Japan’s Kyoto University and the Japanese construction company Sumitomo Forestry are collaborating to find by 2023 a potential solution for the hundreds of thousands of pieces of so-called space junk orbiting the Earth, a fatal threat to satellites and spacecraft.
“We are very concerned with the fact that all the satellites which re-enter the Earth’s atmosphere burn and create tiny alumina particles which will float in the upper atmosphere for many years,” Takao Doi, a Japanese astronaut and professor at Kyoto University, told the BBC.
Doi, who became the first to throw a boomerang in space in 2018, pointed out that the resulting junk from now-defunct satellites “eventually” affects the environment of our planet.
According to NASA, over 500,000 pieces of debris, or space junk, are orbiting our Earth at speeds up to 17,500 mph (28 km/h).
The university and the forest products company are working together to develop the world’s first satellite made out of wooden materials, highly resistant to temperature changes and sunlight.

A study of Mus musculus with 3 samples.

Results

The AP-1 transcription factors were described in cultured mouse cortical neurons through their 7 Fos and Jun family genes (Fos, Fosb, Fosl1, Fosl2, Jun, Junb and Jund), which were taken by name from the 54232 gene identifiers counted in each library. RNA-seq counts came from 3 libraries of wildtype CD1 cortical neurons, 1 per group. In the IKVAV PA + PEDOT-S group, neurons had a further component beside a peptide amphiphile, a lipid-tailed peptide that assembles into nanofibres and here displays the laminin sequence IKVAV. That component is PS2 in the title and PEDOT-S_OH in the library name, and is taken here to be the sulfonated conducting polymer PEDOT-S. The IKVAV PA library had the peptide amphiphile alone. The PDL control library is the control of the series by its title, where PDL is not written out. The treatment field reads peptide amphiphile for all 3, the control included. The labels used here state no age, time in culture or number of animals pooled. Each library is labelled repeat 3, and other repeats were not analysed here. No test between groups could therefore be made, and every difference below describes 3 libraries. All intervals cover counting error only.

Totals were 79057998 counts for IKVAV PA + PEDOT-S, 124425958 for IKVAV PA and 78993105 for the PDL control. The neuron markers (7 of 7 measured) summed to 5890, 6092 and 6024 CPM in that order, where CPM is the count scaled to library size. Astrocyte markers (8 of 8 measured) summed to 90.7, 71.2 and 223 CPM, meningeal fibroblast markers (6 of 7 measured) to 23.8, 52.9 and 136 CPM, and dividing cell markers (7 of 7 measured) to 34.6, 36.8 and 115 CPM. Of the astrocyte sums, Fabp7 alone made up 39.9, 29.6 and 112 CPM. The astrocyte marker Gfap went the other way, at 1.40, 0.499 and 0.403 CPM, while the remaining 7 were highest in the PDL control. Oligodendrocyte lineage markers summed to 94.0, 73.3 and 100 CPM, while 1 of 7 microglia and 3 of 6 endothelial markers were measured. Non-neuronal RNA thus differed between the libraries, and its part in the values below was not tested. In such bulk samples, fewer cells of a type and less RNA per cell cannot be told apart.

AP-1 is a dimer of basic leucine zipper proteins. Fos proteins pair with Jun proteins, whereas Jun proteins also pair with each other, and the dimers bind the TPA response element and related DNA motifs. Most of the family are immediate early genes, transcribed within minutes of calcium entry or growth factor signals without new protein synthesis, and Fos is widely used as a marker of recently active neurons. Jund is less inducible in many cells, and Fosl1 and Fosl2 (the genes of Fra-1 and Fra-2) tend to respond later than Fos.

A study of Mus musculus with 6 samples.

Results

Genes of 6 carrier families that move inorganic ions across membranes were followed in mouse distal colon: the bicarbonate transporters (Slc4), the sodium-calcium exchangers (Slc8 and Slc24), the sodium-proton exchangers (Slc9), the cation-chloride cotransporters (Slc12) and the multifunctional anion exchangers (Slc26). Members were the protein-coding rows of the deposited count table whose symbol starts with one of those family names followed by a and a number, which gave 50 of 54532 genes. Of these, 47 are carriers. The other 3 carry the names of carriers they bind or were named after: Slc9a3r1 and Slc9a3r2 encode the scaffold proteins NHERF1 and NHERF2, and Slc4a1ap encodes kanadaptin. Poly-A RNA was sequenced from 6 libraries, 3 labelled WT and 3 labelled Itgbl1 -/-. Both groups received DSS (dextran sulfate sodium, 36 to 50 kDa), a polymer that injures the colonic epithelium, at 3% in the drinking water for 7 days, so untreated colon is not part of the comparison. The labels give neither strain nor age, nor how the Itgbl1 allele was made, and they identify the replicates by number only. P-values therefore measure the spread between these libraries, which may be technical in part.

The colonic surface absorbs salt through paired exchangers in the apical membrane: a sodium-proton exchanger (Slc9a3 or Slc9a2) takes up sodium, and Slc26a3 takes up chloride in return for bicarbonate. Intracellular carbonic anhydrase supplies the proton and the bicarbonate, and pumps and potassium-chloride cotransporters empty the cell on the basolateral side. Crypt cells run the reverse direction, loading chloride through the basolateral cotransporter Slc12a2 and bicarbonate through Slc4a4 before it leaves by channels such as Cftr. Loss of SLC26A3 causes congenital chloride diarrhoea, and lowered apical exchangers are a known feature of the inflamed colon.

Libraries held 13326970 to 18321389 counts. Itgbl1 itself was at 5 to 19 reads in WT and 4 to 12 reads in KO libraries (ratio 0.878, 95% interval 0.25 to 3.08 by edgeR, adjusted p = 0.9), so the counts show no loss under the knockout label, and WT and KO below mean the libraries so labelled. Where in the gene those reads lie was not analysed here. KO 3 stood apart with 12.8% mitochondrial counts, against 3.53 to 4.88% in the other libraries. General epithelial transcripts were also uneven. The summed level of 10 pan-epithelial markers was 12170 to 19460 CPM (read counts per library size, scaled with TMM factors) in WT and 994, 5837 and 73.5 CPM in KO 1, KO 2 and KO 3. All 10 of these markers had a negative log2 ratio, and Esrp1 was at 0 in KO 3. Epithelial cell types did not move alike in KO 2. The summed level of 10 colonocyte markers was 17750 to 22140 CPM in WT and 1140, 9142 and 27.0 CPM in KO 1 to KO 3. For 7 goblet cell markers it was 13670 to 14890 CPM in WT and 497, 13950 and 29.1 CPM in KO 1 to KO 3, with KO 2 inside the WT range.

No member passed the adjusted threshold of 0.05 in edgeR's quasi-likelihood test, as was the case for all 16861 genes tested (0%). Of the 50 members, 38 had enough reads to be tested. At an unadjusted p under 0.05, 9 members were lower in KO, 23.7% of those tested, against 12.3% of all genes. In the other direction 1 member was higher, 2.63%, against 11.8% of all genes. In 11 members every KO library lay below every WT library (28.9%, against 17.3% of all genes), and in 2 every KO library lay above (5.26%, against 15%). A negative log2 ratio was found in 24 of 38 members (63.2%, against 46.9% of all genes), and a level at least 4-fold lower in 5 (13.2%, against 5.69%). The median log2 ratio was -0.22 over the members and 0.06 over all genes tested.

A spokesperson for Sumitomo Forestry told the BBC that the partnership is set to begin by testing wooden materials in extreme Earth environments. The company, part of the high-profile Sumitomo business group, said that wooden satellites would completely burn up on their way back to Earth, without releasing harmful substances into the atmosphere or raining debris on the ground.
Sumitomo Forestry refused to reveal the type of wood planned to be used for building the satellites, saying it is an “R&D [research and development] secret”.
“The next stage will be developing the engineering model of the satellite, then we will manufacture the flight model,” Doi told the outlet.
Earlier this month, Sumitomo Forestry was selected by the CDP, an organisation that helps companies and cities disclose their environmental impact, a “Climate Change A List” company for its efforts to mitigate climate change. The Japanese company has a goal to use 100 percent renewable power for its operations by 2040.